Cameron promises more Yorkshire devolution as mayor pressure grows

Chancellor George Osborne outside 11 Downing Street
Chancellor George Osborne outside 11 Downing Street

The Prime Minister has told The Yorkshire Post he will not let the region be left behind as Manchester pushes ahead with ever increasing devolution deals, and denied claims Leeds was being punished for failing to show new leadership.

In his budget this week Chancellor George Osborne announced a devolution package for West Yorkshire councils but stopped short of handing over the same multi-billion pound job creation package given to Manchester over the least 12 months.

Insiders have made clear the reason for the devolution snub is that council leaders in Greater Manchester have united behind the Chancellor’s plans for a metro mayor, something leaders in West Yorkshire have opposed.

Those same leaders were urged to drop their opposition yesterday when James Sproule, chief economist and director of policy at the Institute of Directors, called for a rethink.

Mr Sproule said the Government had a clear preference and Yorkshire had to accept that.

Mr Sproule said: “If you have a mayor, the feeling in Whitehall is, that there is somebody who is ultimately accountable, somebody whom they can speak to, somebody whom they can say to, OK I’m giving you x billion pounds, deliver education to your region.

“If they see a very diffuse government, with nobody willing to take responsibility or responsibility divided up in so many different ways, that it’s very difficult to say that you’re the one who’s going to be responsible for delivering, then it’s more difficult to devolve.”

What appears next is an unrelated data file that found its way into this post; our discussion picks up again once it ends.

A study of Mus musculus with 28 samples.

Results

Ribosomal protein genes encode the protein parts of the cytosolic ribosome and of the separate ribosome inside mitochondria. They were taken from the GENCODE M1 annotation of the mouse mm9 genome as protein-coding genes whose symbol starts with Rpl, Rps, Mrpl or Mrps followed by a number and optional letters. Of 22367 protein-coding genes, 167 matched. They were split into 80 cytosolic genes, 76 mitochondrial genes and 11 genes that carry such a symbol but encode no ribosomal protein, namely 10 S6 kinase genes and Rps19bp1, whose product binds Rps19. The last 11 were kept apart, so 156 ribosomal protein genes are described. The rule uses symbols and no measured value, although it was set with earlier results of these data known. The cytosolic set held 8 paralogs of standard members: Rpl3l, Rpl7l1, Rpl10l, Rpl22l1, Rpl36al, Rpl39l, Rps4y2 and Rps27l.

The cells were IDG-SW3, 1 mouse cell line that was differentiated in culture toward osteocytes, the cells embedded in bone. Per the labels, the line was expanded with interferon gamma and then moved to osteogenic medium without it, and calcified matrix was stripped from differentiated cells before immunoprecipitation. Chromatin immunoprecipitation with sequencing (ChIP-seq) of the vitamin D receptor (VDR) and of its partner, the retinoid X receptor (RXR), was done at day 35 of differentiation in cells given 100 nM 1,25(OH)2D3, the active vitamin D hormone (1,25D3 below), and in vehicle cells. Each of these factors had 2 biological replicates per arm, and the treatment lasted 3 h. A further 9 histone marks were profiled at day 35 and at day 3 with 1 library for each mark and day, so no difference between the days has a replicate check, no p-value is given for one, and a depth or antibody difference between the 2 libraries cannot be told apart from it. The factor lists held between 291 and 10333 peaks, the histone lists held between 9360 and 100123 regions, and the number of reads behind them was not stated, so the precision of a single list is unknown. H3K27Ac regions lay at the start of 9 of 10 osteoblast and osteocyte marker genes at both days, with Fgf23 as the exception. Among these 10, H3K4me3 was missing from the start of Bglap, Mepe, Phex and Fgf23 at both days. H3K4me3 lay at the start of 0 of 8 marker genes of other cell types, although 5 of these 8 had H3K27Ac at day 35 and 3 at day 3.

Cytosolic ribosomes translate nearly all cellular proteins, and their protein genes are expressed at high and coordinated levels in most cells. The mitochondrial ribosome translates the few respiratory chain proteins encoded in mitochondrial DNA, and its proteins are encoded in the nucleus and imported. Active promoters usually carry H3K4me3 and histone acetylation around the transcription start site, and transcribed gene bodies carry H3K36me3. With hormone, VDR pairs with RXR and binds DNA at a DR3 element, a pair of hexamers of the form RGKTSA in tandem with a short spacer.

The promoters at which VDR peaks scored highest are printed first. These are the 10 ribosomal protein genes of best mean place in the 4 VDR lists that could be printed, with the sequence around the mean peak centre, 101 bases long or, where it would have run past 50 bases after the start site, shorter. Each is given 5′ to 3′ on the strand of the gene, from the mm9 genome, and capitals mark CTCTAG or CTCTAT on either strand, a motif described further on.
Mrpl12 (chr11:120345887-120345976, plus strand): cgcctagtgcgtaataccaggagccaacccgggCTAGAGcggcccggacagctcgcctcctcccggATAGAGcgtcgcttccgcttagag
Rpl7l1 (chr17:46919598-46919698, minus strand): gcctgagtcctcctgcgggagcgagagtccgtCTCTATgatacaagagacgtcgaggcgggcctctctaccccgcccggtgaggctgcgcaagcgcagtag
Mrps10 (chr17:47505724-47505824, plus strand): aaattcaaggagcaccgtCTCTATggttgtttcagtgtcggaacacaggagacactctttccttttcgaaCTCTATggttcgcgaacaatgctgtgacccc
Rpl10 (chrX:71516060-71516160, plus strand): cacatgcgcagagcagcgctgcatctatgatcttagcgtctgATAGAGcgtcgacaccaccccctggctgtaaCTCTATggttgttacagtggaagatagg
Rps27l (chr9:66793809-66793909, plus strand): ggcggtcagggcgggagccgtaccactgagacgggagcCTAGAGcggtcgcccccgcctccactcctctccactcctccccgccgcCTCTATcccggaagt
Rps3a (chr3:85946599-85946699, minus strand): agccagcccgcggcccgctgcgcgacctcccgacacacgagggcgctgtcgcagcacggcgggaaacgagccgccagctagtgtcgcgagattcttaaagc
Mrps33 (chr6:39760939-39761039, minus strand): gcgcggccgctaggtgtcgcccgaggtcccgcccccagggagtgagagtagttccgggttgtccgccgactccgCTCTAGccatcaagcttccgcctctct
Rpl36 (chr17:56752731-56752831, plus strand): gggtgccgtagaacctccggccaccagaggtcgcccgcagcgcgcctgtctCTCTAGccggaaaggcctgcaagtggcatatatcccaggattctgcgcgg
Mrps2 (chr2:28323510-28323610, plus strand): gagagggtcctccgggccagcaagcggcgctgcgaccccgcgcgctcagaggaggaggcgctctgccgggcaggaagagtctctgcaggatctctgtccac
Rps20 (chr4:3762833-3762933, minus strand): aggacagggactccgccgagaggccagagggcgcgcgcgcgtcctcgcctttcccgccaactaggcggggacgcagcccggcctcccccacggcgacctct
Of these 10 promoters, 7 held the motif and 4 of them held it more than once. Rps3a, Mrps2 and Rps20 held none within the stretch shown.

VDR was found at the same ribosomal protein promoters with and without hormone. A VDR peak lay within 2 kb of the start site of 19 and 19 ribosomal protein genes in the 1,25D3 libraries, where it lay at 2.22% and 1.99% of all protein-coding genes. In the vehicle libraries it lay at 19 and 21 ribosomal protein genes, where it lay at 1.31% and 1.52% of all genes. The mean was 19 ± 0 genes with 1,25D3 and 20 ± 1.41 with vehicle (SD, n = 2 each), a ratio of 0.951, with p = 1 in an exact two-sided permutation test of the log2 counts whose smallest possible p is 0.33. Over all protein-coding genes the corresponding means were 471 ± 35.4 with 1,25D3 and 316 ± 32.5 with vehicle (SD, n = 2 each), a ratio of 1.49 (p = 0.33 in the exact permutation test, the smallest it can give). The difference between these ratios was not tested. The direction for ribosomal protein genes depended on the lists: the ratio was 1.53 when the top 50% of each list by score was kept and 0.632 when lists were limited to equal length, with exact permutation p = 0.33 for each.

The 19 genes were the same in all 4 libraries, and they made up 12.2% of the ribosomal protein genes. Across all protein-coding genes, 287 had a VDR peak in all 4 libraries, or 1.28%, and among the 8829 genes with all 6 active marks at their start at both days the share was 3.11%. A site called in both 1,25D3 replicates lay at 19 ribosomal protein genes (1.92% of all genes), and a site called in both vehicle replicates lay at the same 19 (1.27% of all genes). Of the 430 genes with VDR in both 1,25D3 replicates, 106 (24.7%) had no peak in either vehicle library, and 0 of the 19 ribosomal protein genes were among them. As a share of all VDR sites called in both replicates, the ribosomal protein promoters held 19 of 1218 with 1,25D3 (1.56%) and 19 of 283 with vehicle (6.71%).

The prime minister though has denied there was a Yorkshire snub in the Budget.

He said: “Every part of the country is different in terms of when you are bringing local authorities together, and I don’t think that devolution has to be identical in different parts of the country.

“We want an arrangement between Whitehall and Westminster on one hand and the great northern cities on the other.

“I think it’s good Yorkshire has made this progress with the West Yorkshire combined authority, there’s a lot being devolved, and the enterprise zone being extended, there’s good package there.

“The best thing for West Yorkshire now is for it to get on with delivering the city deal and if there is more that can be done then there are further conversations that can be had, this is not a sort of one off static process.”

The deal announced for West Yorkshire sees council leaders handed extra powers over skills, transport,and housing. Local authorities will also have a greater say over long-term transport and housing planning.